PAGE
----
You study in order to ace your exams at school. You practice your jump shot in preparation for basketball tryouts. So why wouldn't you bone up on ways to protect yourself in the event of an attack or sudden danger? It's much easier to follow a plan if you've already had a few dry runs. The last thing you should be thinking about during an attack is "can I really pull this self-defense tactic off?"

Common Techniques

Using your intuition (inner voice) and voice are two common self-defense techniques. Have you ever been in a situation that just didn't feel right? Perhaps you were walking home alone one night from the bus stop and you had a weird feeling inside. That was your intuition at work telling you to be careful.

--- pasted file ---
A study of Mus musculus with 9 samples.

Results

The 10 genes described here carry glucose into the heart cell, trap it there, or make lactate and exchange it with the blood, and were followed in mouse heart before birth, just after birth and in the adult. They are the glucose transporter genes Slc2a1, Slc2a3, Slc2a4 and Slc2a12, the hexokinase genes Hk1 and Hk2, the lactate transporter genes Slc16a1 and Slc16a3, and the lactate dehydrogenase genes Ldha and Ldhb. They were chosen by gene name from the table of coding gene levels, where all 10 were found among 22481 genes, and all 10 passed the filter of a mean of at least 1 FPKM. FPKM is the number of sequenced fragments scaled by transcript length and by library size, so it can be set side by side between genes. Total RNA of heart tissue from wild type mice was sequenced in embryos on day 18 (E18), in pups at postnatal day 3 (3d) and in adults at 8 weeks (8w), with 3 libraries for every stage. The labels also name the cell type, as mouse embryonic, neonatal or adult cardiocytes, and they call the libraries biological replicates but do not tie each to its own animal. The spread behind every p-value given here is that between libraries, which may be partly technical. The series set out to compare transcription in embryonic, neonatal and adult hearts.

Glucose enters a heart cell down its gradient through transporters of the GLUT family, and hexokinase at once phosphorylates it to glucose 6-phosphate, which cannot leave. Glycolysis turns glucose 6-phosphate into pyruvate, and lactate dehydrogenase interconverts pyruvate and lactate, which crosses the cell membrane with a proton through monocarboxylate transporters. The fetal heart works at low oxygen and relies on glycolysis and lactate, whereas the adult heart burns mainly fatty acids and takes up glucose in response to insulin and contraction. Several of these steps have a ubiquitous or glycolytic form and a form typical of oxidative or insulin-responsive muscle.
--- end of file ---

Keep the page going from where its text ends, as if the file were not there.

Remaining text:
It is also important to understand the power of your voice. If you ever feel threatened, you should shout or scream to draw attention to the situation. It's even a good idea to practice speaking loudly (or yelling) so if you were ever in danger, you wouldn't freeze up. Commands like "No!" "Go away!" or "Back off!" are excellent attention-getters if you feel threatened and teachers or other students may hear it as well.

De-escalation and redirection are other common self-defense techniques. These strategies involve calming down a bully by agreeing with her and then changing the subject. For example, if that girl taunts you at your locker for the fifth time this week, say something like, "Yes, I know I'm a loser," (de-escalation), then redirect the conversation: "But I'm in a rush to get to class. Aren't you late?" Although this method won't always work, it can only help matters if you remain calm. Do not give bullies or would-be attackers any extra ammunition. Your goal is to get away.